Creating anti-racist solidarity through shared experience
Fadi Ennab joins UM as a 2022 Vanier Scholar
As a first-generation Palestinian Canadian, Fadi Ennab has always felt a strong affinity to advocacy work, especially on issues related to racism, refugees and police violence. Now, the father of one has brought his advocacy into academia where he will study ways to build anti-racist solidarity between Indigenous peoples and refugees living on Indigenous land.
Ennab is one of nine Vanier Scholars attending UM this year – the highest number in the university’s history. Vanier Scholars are considered Canada’s top graduate students and receive a scholarship of $150,000 over three years towards their research.
A two-time UM alum, Ennab [BA(Hons)/07, MA/10] joined the Faculty of Education this fall to work on his PhD.
UM Today caught up with Fadi Ennab to learn more about his and the research he’ll be doing at UM.
WHAT WILL YOU BE WORKING ON IN THE FACULTY OF EDUCATION?
Refugees are often “welcomed to Canada” and encouraged to “settle” on Indigenous lands without much understanding of the Indigenous context or the legacy of settler colonialism, despite the calls to action made by the Truth and Reconciliation Commission in 2015 to the federal government. Even though newcomers and Indigenous peoples live in proximity to each other and share similar experiences with racism and displacement, racial tensions between the groups are common in city spaces. My research will explore ways to build and maintain anti-racist solidarity based on mutual support and understanding. I will be interviewing refugees to ask them about their experiences in homemaking on Indigenous lands and how their own experiences of racism impact their relations with Indigenous peoples. As the son of a Palestinian refugee and a racialized immigrant on Indigenous lands, I viscerally understand the need to live freely without borders and racism. These experiences have pushed me to be involved in advocating against racism in Winnipeg.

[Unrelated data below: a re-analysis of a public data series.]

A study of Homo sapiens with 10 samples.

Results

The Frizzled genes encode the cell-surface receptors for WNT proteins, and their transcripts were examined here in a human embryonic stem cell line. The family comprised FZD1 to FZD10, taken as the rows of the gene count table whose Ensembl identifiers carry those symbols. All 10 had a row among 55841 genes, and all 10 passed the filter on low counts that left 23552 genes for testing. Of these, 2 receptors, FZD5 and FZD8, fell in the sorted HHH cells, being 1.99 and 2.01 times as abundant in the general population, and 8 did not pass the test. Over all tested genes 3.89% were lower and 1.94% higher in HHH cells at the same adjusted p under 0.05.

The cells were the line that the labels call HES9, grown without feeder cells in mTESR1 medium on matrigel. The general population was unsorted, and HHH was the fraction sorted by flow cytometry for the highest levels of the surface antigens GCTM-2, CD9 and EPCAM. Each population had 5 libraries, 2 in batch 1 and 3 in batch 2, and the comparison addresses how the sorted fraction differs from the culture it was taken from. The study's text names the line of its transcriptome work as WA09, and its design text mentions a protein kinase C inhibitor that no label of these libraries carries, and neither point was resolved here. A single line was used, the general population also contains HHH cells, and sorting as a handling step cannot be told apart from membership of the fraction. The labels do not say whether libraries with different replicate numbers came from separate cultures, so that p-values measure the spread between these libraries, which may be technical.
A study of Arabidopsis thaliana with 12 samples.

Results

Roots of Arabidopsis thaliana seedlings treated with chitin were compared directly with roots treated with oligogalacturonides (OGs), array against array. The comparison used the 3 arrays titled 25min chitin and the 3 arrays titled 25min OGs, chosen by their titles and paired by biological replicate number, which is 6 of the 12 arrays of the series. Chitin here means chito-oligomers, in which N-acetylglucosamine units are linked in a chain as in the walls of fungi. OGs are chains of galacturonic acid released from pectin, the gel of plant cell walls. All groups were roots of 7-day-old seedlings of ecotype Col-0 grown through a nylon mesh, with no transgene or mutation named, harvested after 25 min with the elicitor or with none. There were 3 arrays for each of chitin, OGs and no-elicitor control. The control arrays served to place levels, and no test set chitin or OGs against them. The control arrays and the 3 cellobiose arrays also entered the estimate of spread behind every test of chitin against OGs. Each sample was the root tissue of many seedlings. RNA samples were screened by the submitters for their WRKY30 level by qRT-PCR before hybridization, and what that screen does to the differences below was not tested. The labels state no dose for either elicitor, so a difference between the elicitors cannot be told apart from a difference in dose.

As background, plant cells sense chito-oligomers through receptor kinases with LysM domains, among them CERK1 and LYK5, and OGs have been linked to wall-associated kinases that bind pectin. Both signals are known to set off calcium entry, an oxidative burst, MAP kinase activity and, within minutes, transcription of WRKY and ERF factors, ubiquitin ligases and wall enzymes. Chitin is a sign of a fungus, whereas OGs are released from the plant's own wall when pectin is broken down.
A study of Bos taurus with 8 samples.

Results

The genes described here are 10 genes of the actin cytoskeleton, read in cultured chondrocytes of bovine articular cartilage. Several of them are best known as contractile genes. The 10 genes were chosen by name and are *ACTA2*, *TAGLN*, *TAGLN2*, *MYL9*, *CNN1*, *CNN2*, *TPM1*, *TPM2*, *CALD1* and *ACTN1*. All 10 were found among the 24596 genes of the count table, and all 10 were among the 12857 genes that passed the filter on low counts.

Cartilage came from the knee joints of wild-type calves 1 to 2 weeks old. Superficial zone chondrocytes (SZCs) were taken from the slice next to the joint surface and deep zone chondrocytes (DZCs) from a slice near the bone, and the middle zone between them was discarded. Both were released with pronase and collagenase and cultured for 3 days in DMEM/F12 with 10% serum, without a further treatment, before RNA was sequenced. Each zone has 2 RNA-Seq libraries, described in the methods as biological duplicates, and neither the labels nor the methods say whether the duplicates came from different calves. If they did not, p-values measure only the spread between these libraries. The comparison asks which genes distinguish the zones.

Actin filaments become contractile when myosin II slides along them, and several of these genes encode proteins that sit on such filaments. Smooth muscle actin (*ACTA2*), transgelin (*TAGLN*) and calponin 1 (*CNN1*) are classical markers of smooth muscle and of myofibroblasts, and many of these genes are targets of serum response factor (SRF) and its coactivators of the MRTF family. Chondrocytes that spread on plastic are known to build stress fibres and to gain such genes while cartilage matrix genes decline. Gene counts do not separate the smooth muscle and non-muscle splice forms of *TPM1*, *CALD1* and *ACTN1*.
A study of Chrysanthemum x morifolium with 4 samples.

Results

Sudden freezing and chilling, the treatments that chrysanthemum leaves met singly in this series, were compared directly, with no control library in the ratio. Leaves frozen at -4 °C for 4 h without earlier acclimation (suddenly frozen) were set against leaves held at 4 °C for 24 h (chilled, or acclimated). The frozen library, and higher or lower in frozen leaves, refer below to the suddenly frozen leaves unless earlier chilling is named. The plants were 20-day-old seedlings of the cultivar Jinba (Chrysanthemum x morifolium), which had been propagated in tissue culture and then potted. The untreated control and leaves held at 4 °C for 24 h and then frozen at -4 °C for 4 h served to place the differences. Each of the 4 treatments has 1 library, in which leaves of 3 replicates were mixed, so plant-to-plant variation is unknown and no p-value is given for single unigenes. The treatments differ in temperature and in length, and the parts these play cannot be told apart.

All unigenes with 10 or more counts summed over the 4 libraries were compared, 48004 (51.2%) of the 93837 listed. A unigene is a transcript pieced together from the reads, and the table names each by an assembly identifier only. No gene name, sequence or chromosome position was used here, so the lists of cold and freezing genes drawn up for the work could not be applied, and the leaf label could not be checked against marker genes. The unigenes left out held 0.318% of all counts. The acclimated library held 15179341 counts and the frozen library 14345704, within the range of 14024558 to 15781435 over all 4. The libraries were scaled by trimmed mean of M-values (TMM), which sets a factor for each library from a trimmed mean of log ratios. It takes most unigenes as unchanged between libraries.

HOW WILL THIS IMPACT THE BROADER COMMUNITY?
The findings of this research are relevant to anyone interested in issues related to racism, cross-cultural relations, social movements, and citizenship. By promoting education based on refugee experiences that is critical of settler colonialism and official discourses of multiculturalism, my research will open conversations about responsible ways of living on Indigenous lands. This will promote anti-racist mobilization and cross-cultural relations in the community that defy Eurocentric ways of thinking of citizenship and one’s relations to the land.
WHERE DO YOU SEE YOURSELF IN FIVE TO 10 YEARS?
My goal after completing a PhD is to do further research and teaching that advocate for racial equity and challenge oppression both in and out of academia. I plan to work in collaborative ways with structurally disadvantaged communities. There continues to be an underrepresentation of racialized people within academia; as a first-generation Arab scholar, I hope to contribute to the movement of decolonizing academia.
WHAT DOES IT MEAN TO YOU TO BE THE RECIPIENT OF THE VANIER SCHOLARSHIP?
I am very grateful to my family, friends, and mentors who helped me be where I am today. Receiving a Vanier Scholarship is a validating experience. Many voices have and continue to be excluded from academia. Being recognized as a Vanier Scholar will help highlight my work and allow me to connect with a larger network. The three-year funding provided by this scholarship allows me to focus on my PhD program and research while maintaining a family life.